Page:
The use of NDAs has been regularly in the headlines since the #Metoo campaign.
The use of NDAs has been regularly in the headlines since the #Metoo campaign. NDAs which seek to prevent employees from talking about the terms, fact and circumstances leading to the settlement of a claim are commonly found in settlement agreements. The controversy which has arisen in the #Metoo campaign is due to the fact that these provisions prevent others knowing about serious and serial complaints of sexual harassment between employer and employee. There is now a growing level of scrutiny on the use of NDAs in a variety of cases and the government is considering their potential future regulation.
For those working in the NHS and the wider health and social care sector, it is important to reflect upon the use of confidentiality clauses in settlement agreements in the light of #Metoo, NHS Employers’ Guidance on best practice and a recent Employment Tribunal decision.
It is generally understood that settlement agreements should not prevent an employee from raising concerns following termination of employment and should not prevent the employee from referring such issues to regulators or professional regulatory bodies such as the NMC, GMC etc. However, earlier this year, following a Freedom of Information request which revealed that some settlement agreements in the NHS contained gagging provisions, the Health Secretary Matt Hancock vowed to end the use of NDAs in the NHS to prevent would-be whistleblowers from speaking up:
“Settlement agreements that infringe on an individual’s right to speak out for the benefit of patients are completely inappropriate...making someone choose between the job they love and speaking the truth to keep patients safe is an injustice I am determined to end”
In February 2019, NHS Employers released new guidance on settlement agreements which should be considered when entering into settlement agreements in the NHS. The recent guidance reflects earlier general advice issued in the NHS regarding settlement agreements and the need to exclude an individual’s right to ‘speak up’ from any confidentiality provisions. It also goes somewhat further regarding the use of confidentiality clauses, no doubt with an eye on the wider #Metoo discussions and includes the following best practice guidance:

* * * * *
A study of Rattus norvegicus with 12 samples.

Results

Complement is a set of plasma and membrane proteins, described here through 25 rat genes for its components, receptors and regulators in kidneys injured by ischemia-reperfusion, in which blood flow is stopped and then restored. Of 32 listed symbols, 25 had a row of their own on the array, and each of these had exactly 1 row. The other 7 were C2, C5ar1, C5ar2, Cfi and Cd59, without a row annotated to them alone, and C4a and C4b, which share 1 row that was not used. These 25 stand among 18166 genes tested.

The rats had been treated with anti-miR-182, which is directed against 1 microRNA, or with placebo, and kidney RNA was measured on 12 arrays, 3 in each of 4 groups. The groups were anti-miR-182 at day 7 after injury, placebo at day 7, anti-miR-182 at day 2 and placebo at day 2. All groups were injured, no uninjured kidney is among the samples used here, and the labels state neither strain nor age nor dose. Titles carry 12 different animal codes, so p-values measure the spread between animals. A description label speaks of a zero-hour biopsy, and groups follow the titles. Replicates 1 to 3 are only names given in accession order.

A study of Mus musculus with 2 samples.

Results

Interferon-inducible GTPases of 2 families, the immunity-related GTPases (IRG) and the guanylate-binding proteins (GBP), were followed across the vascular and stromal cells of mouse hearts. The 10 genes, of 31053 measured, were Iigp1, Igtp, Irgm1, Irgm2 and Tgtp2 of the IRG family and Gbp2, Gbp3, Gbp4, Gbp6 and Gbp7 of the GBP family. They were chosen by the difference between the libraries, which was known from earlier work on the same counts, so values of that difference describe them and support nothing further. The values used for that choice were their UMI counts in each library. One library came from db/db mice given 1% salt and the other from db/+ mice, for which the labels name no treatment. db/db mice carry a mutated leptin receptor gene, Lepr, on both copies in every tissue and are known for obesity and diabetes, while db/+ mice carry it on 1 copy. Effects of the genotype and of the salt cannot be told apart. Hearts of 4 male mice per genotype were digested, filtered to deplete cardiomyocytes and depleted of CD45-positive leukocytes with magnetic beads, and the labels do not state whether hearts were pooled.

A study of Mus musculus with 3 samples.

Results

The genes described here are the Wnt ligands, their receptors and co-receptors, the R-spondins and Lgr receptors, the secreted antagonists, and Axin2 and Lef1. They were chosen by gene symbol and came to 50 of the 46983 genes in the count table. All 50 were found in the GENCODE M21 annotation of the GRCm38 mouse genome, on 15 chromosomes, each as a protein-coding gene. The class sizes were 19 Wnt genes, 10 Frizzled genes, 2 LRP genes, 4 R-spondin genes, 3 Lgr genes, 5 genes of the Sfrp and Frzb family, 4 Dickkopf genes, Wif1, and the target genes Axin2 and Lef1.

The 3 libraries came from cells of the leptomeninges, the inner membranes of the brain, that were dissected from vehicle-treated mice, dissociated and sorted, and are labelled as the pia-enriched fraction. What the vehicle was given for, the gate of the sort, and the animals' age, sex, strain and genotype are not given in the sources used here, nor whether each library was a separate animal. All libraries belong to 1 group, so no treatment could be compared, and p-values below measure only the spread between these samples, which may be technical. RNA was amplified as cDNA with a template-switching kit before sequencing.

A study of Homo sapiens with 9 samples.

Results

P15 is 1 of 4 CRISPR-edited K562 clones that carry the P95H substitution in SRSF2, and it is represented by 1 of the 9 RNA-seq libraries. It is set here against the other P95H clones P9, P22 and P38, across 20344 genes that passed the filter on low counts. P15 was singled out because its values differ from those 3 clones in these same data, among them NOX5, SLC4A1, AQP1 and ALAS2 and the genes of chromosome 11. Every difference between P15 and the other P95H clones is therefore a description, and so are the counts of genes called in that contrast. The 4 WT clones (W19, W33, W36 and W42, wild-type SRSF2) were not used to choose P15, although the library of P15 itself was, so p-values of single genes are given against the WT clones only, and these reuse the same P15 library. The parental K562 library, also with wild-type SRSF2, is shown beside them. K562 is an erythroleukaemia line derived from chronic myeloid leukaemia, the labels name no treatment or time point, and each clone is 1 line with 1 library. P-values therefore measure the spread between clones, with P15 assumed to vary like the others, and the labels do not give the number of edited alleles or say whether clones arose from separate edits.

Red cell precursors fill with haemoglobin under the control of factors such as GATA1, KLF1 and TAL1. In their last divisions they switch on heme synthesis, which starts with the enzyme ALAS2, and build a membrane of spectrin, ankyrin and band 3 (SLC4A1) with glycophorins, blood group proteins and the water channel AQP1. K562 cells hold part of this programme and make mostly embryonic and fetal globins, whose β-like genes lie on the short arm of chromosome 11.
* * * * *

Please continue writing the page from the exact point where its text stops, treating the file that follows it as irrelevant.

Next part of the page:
In May 2015, an Employment Tribunal Judgment in an NHS case (Allison v University Hospital of Morecambe Bay NHS Trust) concluded that a particular settlement agreement which included NDA provisions signed by an authorised union representative had been entered into by the employee without any evidence that the union advisor had given advice in person or by telephone or otherwise. As the receipt of legal advice is a requirement for a binding settlement agreement, the agreement in this case was deemed to be invalid. The impact was that the employee was allowed to introduce into her more recent whistleblowing claim in the Employment Tribunal, evidence regarding factual matters which the Trust believed it had settled under the earlier settlement agreement.
Whilst the Employment Judge had sympathy for the Trust’s position in this case, as it had paid a compensation payment to settle earlier, the settlement agreement did not comply with the statutory requirements and was invalid. Although the agreement had been signed by the Claimant there was no evidence that the Claimant had in fact received any advice on its terms from her professional advisor before she entered into it, and the Trust could not rely upon the agreement to prevent the Claimant from reintroducing her earlier claim.
The BMA is advising all NHS / HSCNI consultants to ensure extra-contractual work is paid at the BMA minimum recommended rate and to decline offers of extra-contractual work that doesn't value them appropriately.
Settlement agreements are commonplace in an employment context and are ordinarily used to provide the parties to the agreement with certainty following the conclusion of an employment relationship.